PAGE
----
The fact is, however, that there is no such thing as a ‘healthy’ tan.  Nor is there anything ‘good’ about it, no matter how you might think it improves your appearance.  Tanning is actually a sign that the skin is suffering damage from harmful UV radiation thrown out by the sun, growing gradually darker as more of the pigment melanin is produced in an attempt to protect it from further UV exposure.

Put simply, pursuing a tan can seriously damage your skin resulting in painful sunburn, premature wrinkling and various types of skin cancer ranging from relatively harmless but unsightly carcinomas to a potentially fatal malignant melanoma.

Surprising as it may seem, skin cancer is now the most common form of cancer in the UK with at least 100,000 cases diagnosed each year of which around 2,500 will result in death – that’s 7 every day!

So who is most at risk and just what can you do to protect yourself and your family from the worst effects of the summer sun?

Could you be at risk?

It doesn’t matter whether you’re lying on a beach in Spain or soaking it up on a lounger in Saltcoats, everyone and anyone could be at risk of inflicting serious skin damage to themselves from too much exposure to the sun’s rays without taking the necessary protective measures.

Just as those with darker skin appear to be less at risk due to their natural pigmentation, people with particularly fair skin and those with a large number of freckles or moles are most likely to fall into the high risk category.  It is also a statistical fact that incidences of skin cancer are most common amongst the 18-35 age group, although the jury is still out on exactly why this should be the case.

What about sunbeds?  Recent research published by Cancer research UK shows that the average cancer risk from sunbed tanning is more than twice that of spending the same amount of time in the full glare of the Mediterranean midday sun, and that using sunbeds for the first time before the age of 35 increases the risk of developing a malignant melanoma by nearly 90 per cent.  The Health and Safety Executive also advises that people with fair skin and/or moles should never use sunbeds.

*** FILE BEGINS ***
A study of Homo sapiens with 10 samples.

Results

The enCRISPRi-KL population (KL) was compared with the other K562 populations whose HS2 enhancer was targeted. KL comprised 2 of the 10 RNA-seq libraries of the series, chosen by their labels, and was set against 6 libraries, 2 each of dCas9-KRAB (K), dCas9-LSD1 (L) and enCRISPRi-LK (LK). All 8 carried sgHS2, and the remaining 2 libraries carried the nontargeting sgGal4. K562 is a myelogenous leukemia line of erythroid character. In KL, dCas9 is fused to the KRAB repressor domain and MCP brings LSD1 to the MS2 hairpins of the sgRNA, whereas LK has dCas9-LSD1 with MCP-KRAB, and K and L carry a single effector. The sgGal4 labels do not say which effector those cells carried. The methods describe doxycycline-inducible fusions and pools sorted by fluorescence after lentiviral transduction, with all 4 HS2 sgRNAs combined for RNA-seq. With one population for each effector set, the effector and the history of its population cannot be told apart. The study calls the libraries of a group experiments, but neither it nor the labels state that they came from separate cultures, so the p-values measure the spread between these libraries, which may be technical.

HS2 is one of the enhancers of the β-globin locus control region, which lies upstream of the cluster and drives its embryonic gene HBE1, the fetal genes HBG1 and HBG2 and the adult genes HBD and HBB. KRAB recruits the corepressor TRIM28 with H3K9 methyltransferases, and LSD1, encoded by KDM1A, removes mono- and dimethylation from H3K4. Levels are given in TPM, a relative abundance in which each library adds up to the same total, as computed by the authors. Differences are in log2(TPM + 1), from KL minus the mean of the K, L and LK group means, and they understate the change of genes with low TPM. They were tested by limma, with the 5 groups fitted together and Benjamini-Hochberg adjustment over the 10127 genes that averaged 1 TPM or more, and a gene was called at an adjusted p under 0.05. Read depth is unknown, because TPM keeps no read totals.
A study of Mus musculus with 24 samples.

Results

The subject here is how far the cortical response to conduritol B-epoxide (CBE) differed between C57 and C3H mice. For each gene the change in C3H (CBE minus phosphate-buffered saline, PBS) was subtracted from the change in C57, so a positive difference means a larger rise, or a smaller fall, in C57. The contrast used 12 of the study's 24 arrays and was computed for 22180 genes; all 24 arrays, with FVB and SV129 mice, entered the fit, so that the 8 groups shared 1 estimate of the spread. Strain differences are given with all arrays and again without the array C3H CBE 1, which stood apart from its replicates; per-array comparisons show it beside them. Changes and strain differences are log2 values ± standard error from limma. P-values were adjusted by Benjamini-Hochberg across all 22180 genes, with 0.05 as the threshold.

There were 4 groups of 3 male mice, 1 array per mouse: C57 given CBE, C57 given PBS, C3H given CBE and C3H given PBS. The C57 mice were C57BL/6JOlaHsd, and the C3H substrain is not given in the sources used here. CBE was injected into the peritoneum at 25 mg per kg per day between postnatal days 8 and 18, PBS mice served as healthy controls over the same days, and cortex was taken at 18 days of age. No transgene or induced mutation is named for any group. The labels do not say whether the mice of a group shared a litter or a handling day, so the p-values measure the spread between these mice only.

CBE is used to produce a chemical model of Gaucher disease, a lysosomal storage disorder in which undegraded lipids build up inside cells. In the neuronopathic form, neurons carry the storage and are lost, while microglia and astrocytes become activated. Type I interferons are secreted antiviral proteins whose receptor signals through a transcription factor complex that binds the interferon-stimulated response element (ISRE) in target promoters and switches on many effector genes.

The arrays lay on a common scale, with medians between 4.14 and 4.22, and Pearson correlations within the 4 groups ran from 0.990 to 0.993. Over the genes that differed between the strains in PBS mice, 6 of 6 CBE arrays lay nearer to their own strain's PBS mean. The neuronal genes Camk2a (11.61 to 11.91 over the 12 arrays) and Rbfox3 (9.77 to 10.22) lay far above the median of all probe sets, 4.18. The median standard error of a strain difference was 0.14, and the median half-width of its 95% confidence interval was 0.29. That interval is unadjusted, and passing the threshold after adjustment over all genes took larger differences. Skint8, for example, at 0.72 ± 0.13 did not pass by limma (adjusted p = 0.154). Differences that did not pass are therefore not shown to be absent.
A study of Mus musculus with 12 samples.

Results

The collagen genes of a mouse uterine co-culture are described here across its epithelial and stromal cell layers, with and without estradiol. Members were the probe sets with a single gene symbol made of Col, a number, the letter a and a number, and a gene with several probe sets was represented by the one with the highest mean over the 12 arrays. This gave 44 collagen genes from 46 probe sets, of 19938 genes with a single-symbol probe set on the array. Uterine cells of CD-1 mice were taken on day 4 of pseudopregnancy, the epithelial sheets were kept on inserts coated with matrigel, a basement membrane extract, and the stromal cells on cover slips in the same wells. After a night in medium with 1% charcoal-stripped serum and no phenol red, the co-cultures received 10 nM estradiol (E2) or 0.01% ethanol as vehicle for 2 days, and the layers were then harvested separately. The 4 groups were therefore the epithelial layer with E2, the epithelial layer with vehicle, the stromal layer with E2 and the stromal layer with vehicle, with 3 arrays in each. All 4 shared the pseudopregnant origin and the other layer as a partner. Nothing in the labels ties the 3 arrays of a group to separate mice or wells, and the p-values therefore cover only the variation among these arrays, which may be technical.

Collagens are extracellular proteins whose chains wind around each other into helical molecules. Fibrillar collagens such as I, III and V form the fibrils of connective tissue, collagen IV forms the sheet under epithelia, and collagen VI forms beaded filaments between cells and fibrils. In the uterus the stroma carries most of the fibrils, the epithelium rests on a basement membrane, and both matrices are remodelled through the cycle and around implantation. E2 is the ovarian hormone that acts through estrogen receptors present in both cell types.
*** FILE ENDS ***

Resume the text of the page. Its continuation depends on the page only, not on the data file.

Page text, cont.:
What can you do to stay safe in the sun?

  • As an effective first line of defence, you can protect your skin from the sun with simple summer clothing such as a T-shirt, a broad-brimmed hat to give shade to your face, neck and ears as well as sunglasses that have been specially designed to offer UV protection.
  • Take shelter in a shady spot when the midday sun is at its fiercest between 11am and 3pm.
  • Keep babies and young children out of direct sunlight at all times.
  • Most important of all, choose the right protective level of sunscreen.  Look out for sunscreens labelled with a Sun Protection Factor of at least SPF30.  You should also look for sunscreens that display a four or five star UVA rating on the packaging.
  • Make sure you apply a generous coating of of sunscreen to every part of your body from top to toe about 15-30 minutes before you go out in the sun to give it plenty of time to be absorbed into the skin.  Keep applying top-up layers of sunscreen at regular intervals – say, every two hours – and always reapply if you’ve been for a swim and towelled yourself dry.

Stay alert, stay aware … and stay safe this summer!

Early detection of skin cancer could save your life.  So it’s vitally important to check your skin regularly, preferably once a month.  Get the help of a friend or family member to look at areas you can’t see such as your back, scalp, ears, the back of your legs and even the soles of your feet.

Look out for moles that are changing shape or areas of skin that appear to be scaly or crusty, scabs that might occasionally bleed but never seem to heal and any unusual lumps or patches of skin that are changing colour or becoming particularly itchy.

Organised by the British Association of Dermatologists, Sun Awareness Week launches on the 5th of May with the aim of raising public awareness about the danger of developing skin cancer as a result of over exposure to the summer sun.  

The need for such an initiative is highlighted by a recent survey conducted by the British Skin Foundation which found that only a third of people surveyed checked their skin regularly for signs of skin cancer, 35% said that they wouldn’t have the faintest idea what to look for and only 25% said that they would get a mole checked by their GP straightaway at the first sign of any change.

Most skin cancers can be cured if detected and treated early.  So if you are at all worried that you might be showing signs of possible skin cancer, you should make an immediate appointment with your doctor who, if they share your concerns, may then refer you to a specialist for expert diagnosis.

That’s where we come in.  At The Edinburgh Clinic we offer skin cancer and mole screening services with a range of specialists, including Consultant Dermatologists who specialise in skin surgery and minor surgery.